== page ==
Menopause can be a daunting experience. Especially if you don’t know what is happening in your body, or if you’re not prepared for the changes that are occurring.
So, what is menopause exactly?
Menopause normally occurs between the ages of 48 and 55. In essence, menopause is when a woman stops menstruating, marking the end of her reproductive cycle. The ovaries no longer release an egg and this also leads to a disruption in the production of the hormones oestrogen and progesterone. The process is gradual and is divided into 3 stages:
In the years leading up to menopause, the ovaries will produce less oestrogen and this stage lasts up until menopause. The drop in oestrogen production is more severe in the year leading up to the start of menopause and women will start to experience symptoms.
Menopause occurs once the ovaries have stopped releasing eggs and producing (for the most part) oestrogen for 12 consecutive months (1 year).
In the years following menopause, most of the symptoms normally dissipate, but women experience more health risks due to the loss of oestrogen production.
Should menopause occur before the age of 40, either naturally or as a result of surgery, chemotherapy or autoimmune disorders, it is referred to as premature menopause. If it occurs due to surgery or damage to the ovaries through chemotherapy or radiation it is called induced menopause.
When the ovaries are surgically removed as a form of treatment for endometriosis or ovarian cancer, it is called a hysterectomy. A hysterectomy can either be total, where the entire uterus and cervix is surgically removed; partial, where the upper part of the uterus is removed leaving the cervix intact or radical, where the uterus and cervix as well as the surrounding tissue is removed (usually in the event of cancer).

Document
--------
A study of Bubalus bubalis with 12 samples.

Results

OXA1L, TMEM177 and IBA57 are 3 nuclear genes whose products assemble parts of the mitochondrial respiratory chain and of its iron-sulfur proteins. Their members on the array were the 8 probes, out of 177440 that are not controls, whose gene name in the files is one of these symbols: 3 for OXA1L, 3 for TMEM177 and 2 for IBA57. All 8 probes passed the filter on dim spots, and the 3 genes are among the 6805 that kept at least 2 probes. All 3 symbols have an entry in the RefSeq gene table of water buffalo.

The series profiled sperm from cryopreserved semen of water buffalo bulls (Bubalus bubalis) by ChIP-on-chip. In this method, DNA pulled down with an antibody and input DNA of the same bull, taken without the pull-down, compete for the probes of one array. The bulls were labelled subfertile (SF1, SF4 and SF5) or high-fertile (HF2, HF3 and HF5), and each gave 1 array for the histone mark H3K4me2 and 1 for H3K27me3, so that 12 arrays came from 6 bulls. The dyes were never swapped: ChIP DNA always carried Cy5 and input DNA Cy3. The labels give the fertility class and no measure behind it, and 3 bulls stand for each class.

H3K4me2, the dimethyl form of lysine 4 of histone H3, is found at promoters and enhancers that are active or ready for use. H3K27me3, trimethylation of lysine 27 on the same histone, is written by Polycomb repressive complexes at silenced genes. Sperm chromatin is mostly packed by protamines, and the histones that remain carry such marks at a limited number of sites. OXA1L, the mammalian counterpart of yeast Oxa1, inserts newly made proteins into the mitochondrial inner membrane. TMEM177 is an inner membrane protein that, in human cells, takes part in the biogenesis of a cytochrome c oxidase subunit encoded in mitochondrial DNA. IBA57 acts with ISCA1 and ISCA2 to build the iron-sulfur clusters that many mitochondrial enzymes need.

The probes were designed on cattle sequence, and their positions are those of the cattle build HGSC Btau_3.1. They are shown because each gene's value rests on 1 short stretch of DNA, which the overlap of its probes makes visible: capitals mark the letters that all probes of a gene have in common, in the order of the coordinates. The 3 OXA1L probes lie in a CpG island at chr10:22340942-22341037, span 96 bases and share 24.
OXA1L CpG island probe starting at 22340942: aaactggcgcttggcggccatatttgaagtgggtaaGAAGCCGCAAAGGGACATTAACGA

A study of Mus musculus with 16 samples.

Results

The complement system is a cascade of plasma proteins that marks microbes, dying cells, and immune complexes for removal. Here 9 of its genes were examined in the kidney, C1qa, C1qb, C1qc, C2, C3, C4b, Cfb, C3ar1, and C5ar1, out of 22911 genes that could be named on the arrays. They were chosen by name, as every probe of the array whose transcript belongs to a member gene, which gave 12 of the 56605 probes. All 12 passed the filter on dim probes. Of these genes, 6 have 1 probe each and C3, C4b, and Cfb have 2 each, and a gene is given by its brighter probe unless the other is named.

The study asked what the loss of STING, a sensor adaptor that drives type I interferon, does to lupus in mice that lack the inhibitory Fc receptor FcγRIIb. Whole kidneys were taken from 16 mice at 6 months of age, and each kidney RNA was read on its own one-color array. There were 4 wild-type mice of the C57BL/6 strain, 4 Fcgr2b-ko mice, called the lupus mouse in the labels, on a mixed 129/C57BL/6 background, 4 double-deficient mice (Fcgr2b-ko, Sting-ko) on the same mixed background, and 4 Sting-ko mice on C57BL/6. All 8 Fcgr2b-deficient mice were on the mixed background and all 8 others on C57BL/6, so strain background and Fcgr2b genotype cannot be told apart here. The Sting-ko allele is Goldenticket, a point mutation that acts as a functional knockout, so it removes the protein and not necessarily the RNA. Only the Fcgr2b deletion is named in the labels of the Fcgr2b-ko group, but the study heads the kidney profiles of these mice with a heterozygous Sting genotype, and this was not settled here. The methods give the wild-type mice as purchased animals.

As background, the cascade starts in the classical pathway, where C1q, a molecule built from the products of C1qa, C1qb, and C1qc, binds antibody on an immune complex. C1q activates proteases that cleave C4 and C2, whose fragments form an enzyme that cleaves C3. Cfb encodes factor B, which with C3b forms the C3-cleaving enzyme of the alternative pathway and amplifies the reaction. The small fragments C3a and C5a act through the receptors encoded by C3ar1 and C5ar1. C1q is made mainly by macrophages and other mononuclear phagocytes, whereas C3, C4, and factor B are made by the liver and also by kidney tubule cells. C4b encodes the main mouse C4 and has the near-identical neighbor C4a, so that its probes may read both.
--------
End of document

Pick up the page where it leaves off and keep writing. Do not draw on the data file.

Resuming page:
Total or partial hysterectomy is mainly used as treatment for uterine fibroids (growths that cause pain and irregular bleeding), endometriosis, a prolapsed uterus (the sliding of the uterus from its normal position into the vaginal canal), or cancer of the uterus, cervix or ovaries.
Common symptoms of menopause include the following:
Some woman may not experience all or even most of the symptoms mentioned and the severity of symptoms will also differ from woman to woman.
As mentioned previously, due to the loss of oestrogen, women will be at a higher risk for osteoporosis, heart disease, decreased muscle tone and skin elasticity, bladder and digestive problems and Alzheimer’s disease.
It is very important for women going through or who have gone through menopause to supplement their diets and lifestyle with vitamins and minerals as well as regular exercise. The most important of these are the following:
Omega-3 fatty acids:
Omega-3 fatty acids aid in the production of oestrogen in the body and as the normal production of oestrogen decreases during and after menopause, it is important to take an Omega-3 supplement.
Calcium and magnesium:
As oestrogen plays an important role in skeletal support and bone density, the decrease in the production of this hormone puts women at risk for osteoporosis. Osteoporosis is the leading cause of hip, wrist and spine fractures in elderly women. A daily calcium and magnesium supplement is required to prevent osteoporosis as there is no cure. Along with a good calcium supplement, it is also necessary to take vitamin D, as 74% of elderly people are deficient. Vitamin D is required for the absorption of calcium in the body.
As the decrease of oestrogen leads to the loss of skin elasticity, it is important to take Vitamin C daily as it is a building block of collagen in the body. Collagen is prominent in the skin, so increasing your intake of Vitamin C may improve and maintain skin elasticity and keep those wrinkles at bay.
Menopause is a natural occurrence (whether or not you approach it naturally or it happens a little earlier than expected). It is important to take care of our bodies, especially as we get older. That is what we ladies refer to as aging gracefully.